Experts suggest tiger breeding to quash poaching

Hui Min Neo Yahoo News 10 Jul 09;

GENEVA (AFP) – Dismayed by dwindling numbers, some experts say tiger farming can stem the burgeoning illegal trade in the endangered cat's pelts, bones and body parts but others argue that this will only fuel demand.

"Domestic trade in tiger parts and derivatives has been banned across the world since the late 1990s," said Juan Vasquez, a spokesman for CITES or the UN body that regulates trade in endangered species, adding that illicit trade was still flourishing.

"Since tigers can be bred very easily in captivity, the argument is made that they should be 'farmed' to supply a relatively inelastic demand," he added on the sidelines of a CITES meeting.

There were once over 100,000 tigers throughout Asia, but only 400 are thought to be left, according to CITES.

Not only are tigers threatened by the loss of natural habitat amid rapid urbanisation in Asia, they are also hunted for fur and body parts used in traditional Chinese medicine.

Hank Jenkins, a former chair of a CITES committee, told AFP: "You can't address demand by prohibition," stressing that the breeding of crocodiles, once highly endangered, had set a valuable precedent.

"Since then the situation has reversed. There are now more crocodile species on Appendix II than Appendix I," said Jenkins, referring to the categories in the UN Convention on Endangered Species.

CITES Appendix I lists the most endangered species and prohibits their international trade.

Appendix II lists threatened species but allows for limited and licenced global trading.

Jenkins said the legal farming of tigers could also benefit people living alongside the big cats in countries such as Indonesia or India.

"For some people who live in these parts of the world, poachers act like pest control. Any conservation strategy would have to address habitat, prey, human-tiger conflict and demand," he said.

He acknowledged however there was strong opposition to tiger farming.

Major conservation groups such as the WWF are among the opponents who argue this would fuel demand and poaching.

"If you breed tigers, you will stimulate the market," said Susan Liebermann, director of the WWF's species programme.

For those who use tiger parts in traditional medicines, wild tigers are viewed as more potent than those bred in captivity and therefore this would not make a significant dent in poaching, she said.

"It's very expensive to breed tigers in captivity, it's easier to shoot one in the wild," said Liebermann.

The World Bank too urged caution.

"We cannot know for sure if tiger farming will work. And if it does not work the downside risks are just too high -- irreversible harm," said Keshav Varma, who heads the World Bank's Global Tiger Initiative.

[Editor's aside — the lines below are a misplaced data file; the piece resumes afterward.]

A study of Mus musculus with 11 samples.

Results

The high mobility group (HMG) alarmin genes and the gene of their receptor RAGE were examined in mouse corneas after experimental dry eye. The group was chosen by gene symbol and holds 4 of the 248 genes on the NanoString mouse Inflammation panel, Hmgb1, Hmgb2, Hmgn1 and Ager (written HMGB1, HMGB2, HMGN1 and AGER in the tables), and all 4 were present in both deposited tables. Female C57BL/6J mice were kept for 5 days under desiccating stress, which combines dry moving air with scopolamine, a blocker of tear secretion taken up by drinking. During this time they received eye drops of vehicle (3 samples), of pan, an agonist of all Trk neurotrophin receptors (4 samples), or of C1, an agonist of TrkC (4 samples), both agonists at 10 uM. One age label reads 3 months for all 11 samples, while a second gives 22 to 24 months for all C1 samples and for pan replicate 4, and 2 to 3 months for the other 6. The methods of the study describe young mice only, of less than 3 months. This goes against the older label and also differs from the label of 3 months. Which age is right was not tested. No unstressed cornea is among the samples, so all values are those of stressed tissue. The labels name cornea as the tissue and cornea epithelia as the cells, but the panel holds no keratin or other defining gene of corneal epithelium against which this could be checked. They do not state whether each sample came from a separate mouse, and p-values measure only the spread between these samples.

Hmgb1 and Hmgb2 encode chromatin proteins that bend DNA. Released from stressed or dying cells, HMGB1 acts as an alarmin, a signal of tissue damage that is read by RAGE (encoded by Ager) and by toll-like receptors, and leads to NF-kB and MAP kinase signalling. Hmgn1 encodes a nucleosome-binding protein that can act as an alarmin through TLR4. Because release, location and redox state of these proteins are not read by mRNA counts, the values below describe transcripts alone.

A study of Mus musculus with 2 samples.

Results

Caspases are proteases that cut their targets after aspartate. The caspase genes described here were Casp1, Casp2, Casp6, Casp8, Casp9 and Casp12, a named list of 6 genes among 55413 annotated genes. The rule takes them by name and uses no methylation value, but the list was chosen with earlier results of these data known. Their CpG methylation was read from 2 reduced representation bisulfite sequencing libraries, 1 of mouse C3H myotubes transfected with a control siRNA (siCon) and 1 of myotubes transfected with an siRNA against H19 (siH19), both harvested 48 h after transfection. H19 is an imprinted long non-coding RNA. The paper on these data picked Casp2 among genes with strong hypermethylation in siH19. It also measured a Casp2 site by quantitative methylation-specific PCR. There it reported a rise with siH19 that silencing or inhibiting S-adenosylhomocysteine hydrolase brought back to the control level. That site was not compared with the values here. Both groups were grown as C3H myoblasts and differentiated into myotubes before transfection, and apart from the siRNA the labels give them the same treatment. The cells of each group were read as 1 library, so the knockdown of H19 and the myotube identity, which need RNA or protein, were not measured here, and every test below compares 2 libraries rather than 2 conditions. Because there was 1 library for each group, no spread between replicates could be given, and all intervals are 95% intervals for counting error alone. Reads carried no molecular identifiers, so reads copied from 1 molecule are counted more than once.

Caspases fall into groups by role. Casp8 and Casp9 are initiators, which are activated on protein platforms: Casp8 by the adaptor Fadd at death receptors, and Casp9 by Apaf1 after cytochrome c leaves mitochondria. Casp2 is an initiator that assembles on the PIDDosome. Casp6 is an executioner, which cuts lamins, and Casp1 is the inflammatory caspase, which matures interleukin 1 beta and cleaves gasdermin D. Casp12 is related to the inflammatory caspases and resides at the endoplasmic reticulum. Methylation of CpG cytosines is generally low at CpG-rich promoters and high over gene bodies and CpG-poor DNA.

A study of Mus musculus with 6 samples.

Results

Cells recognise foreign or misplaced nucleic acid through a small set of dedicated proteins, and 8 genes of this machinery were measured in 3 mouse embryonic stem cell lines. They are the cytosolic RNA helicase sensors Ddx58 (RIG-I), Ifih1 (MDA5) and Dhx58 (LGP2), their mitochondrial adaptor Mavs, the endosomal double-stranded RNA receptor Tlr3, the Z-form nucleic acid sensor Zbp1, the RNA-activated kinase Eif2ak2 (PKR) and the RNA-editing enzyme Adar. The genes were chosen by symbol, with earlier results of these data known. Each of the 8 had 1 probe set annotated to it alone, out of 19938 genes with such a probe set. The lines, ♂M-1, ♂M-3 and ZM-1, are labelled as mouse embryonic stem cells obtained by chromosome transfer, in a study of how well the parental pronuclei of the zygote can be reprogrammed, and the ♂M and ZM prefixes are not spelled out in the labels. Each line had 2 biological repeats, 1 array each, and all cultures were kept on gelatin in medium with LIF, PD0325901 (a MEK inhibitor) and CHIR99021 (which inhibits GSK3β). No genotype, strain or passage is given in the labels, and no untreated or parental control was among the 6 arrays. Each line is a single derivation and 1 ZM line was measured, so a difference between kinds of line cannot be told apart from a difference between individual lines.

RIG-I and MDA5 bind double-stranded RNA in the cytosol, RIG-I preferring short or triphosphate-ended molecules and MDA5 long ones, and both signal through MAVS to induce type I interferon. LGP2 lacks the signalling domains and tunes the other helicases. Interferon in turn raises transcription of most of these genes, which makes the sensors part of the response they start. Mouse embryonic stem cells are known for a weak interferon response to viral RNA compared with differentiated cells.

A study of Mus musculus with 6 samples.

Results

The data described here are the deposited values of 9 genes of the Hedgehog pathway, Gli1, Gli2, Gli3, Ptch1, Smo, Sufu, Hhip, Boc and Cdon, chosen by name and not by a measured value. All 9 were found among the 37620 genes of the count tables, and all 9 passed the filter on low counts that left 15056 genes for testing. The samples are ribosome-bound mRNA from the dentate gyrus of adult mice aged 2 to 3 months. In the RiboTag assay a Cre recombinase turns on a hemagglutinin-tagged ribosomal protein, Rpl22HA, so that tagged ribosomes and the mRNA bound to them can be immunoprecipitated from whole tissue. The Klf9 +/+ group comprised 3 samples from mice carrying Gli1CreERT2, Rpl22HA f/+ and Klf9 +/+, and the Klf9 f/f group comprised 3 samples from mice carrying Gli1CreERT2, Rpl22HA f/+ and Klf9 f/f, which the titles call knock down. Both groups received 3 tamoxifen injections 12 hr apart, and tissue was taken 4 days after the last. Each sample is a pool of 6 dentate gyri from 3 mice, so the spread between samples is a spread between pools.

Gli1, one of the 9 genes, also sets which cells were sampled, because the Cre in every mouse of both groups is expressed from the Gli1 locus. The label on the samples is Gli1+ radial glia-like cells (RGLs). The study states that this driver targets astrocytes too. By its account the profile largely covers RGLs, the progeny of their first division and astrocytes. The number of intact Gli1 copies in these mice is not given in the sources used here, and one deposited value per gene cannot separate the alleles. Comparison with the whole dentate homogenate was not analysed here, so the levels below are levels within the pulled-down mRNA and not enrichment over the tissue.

"Having carefully weighed the economic arguments we urge the CITES community to uphold the ban on wild tiger products and for all countries to continue to ban the domestic trade of wild tigers," he said.

World Bank debunks tiger farming benefits
WWF 9 Jul 09;

Geneva, Switzerland – Experimenting with tiger farming is too risky and could drive wild tigers further toward extinction, the World Bank told a key international wildlife trade meeting today.

WWF endorsed the World Bank’s call for countries to ban tiger farming because of the uncertainty that it will have for the long-term conservation of wild tigers.

“Extinction is irreversible, so prudence and precaution suggest that the risks of legalized farming are too great a gamble for the world to take,” World Bank Director Keshav Varma told the member countries of the 58th meeting of the Convention on International Trade in Endangered Species (CITES) Standing Committee. “We cannot know for sure if tiger farming will work.”

Need to stop all trade in tiger parts now

“Stopping all trade in tiger parts, and phasing out these tiger farms, is of the utmost urgency if the tiger is to survive in the wild”, said Dr Susan Lieberman, Director of the Species Programme of WWF International, “It is time for the world community to join together, with tiger range state governments, to stop all poaching of tigers for illegal trade, and WWF welcomes the engagement of the World Bank in these efforts”.

Because of the unpredictability of the market environment and the small number of remaining tigers in the wild, there is “no room for experimentation,” Varma, who leads the World Bank’s Global Tiger Initiative, said after the meeting.

“Commercial trading in tiger parts and its derivatives is not in the interest of wild tiger conservation.”

Tiger trade is prohibited internationally and banned domestically in all of its range countries, including China - historically the largest market for tiger products.

However, owners of privately run tiger farms and a contingent of wealthy business men across China have been pressuring the Chinese government to allow legal trade in tiger parts within China and lift its domestic tiger trade ban, implemented in 1993.

“Having carefully weighed the economic arguments we urge the CITES community to uphold the ban on wild tiger products and for all countries to continue to ban the domestic trade of wild tigers,” the World Bank statement said.

“We also call upon the international community at large to join efforts in providing the necessary technical and other support to the respective countries in phasing out tiger farming. This is the only safe way to ensure that wild tigers may have a future tomorrow."